When you ask successful leaders what it takes for the people in their organization to succeed, they will most often tell you it’s about perseverance, continuing in the face of difficulty. That’s a great answer. There are countless examples of people who defied the odds, refused to take no for an answer, and never gave up.
Perseverance is a great discipline to have—once you’re in the game.
The problem is most people never get in the game.
What I mean by being in the game is doing more than the bare minimum, looking for ways to improve things and make a difference, and acting like your work is about more than just a paycheck. When you’re in the game, you’re invested in not only your success, but also the success of your organization.
I’ve talked on many occasions and in my books about fear and excuses. These are the things that keep you from being fully engaged at work. So often fear and excuses show up as complaining, constant criticism, blame, gossip, and other unproductive habits.
These are the things you use to keep yourself from getting in the game. But the fact of the matter is, many people can’t get into the game by themselves. They need help.
One great way to get your employees or colleagues into the game is by creating a leadership development program.
For the past six months, I’ve been an instructor in a program called SHIELD—Sheriff’s Institute for Ethical Leadership Development—here in Austin at the Travis County Sheriff’s Academy.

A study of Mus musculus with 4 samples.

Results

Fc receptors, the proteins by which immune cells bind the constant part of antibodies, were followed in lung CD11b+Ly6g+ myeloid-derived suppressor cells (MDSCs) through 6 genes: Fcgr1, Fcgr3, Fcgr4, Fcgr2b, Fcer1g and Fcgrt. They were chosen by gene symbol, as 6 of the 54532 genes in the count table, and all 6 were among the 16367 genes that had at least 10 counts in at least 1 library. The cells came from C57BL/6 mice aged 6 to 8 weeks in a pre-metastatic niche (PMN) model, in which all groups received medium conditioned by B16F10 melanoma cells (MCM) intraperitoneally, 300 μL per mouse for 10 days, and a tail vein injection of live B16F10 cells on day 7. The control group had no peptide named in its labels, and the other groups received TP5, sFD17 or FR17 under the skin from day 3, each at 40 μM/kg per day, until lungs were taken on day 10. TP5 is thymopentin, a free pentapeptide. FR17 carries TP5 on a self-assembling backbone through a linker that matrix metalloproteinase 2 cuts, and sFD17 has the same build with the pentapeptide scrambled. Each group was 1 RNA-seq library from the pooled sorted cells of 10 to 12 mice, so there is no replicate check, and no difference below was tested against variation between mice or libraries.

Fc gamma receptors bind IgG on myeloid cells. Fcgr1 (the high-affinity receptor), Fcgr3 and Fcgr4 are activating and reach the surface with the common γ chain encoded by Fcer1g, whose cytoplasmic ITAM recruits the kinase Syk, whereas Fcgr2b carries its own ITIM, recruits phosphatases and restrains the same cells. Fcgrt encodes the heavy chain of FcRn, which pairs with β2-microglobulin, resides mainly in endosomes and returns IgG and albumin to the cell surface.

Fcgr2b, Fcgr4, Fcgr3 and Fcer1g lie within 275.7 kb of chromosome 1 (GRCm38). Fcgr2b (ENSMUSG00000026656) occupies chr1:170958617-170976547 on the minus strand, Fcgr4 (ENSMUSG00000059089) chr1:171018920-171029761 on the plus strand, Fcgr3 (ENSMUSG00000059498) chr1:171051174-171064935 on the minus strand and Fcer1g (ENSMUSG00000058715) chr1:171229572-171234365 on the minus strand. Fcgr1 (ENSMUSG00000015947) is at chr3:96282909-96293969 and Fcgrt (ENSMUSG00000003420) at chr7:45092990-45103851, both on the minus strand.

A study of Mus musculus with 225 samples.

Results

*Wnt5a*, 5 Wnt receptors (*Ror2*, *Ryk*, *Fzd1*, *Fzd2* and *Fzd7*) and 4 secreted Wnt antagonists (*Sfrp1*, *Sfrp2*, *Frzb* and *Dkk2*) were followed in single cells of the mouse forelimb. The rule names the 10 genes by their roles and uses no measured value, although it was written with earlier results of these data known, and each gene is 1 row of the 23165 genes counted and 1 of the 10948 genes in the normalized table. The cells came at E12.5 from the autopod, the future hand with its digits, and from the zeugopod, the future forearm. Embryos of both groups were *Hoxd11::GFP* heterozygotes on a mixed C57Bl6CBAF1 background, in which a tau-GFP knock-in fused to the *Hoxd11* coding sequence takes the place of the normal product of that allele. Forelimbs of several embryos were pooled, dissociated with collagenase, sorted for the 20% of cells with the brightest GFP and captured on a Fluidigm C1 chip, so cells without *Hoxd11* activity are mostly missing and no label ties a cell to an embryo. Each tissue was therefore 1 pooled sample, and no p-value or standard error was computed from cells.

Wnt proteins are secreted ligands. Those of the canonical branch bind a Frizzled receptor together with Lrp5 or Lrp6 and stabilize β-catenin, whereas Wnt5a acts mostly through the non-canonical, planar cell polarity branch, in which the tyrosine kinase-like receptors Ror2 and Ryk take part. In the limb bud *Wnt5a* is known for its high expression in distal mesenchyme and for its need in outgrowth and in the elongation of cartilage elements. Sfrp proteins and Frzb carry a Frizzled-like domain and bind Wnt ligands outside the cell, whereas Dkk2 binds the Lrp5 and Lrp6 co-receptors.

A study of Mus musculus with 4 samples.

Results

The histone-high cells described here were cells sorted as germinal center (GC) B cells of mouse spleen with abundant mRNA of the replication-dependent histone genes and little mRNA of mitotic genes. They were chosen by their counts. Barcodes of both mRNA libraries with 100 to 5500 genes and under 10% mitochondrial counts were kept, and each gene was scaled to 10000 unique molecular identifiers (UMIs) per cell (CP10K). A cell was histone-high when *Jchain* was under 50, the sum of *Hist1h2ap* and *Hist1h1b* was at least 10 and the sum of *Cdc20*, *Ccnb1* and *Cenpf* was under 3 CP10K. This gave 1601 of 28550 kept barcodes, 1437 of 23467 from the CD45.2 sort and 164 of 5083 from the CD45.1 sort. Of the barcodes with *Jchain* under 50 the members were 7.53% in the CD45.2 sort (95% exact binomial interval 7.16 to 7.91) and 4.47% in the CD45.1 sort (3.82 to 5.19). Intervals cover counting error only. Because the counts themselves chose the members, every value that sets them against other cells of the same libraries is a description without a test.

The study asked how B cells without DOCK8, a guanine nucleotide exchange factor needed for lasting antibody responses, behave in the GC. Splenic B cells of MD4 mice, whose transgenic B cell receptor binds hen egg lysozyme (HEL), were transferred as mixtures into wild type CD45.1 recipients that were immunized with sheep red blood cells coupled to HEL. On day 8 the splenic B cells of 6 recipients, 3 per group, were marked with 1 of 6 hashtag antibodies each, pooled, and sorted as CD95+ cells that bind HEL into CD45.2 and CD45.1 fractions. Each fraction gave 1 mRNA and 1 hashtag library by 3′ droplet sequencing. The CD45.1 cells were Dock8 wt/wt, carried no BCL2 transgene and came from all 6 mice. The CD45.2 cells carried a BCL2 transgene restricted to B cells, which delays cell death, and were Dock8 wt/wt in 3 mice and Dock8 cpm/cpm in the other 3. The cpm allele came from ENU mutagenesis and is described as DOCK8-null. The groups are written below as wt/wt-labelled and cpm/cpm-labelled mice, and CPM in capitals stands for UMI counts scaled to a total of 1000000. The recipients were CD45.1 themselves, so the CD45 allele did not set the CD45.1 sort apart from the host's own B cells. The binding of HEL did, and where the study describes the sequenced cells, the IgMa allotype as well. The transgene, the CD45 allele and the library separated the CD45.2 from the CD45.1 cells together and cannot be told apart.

The final assignment of the program was to identify a way to bring positive change to the Sheriff’s Office and present that idea to the Sheriff and his command staff. In other words, it was getting mid-level employees into the game.
The last presenter started by saying there were things in his division he’s been whining about for a while. Through the leadership development program, he finally realized he needed to step up and propose a solution instead of just complaining all the time.
In other words, he realized it was time to get in the game.
He discovered that in order for things to change, he would have to be the one to do something different. He may not have known he was illustrating the first of Stephen Covey’s 7 Habits of Highly Effective People: Be Proactive.
It’s time to stop waiting for your organization to do everything for you. It’s time to realize that you’re better than whining, complaining, blaming, and gossiping. It’s time to realize that you hold the key to your own success and no one else.
I’m convinced that structured leadership programs help create greater collaboration, greater understanding, and greater efficiencies in organizations. They encourage participants to seek out improvements that can be made in the organization and provide an avenue for participants to make their case before the organization’s administration.
Does your company or organization have a leadership program where you get to contribute to improving quality, reducing waste, changing policy, and increasing the bottom line? Do you get to influence the vision of the organization?
If not, ask your company or organization to develop one. It will change the course of the organization and will change the lives of the employees.
The road to success very may well be paved with perseverance, but if the employees are not being invited in the game, no amount of perseverance will matter.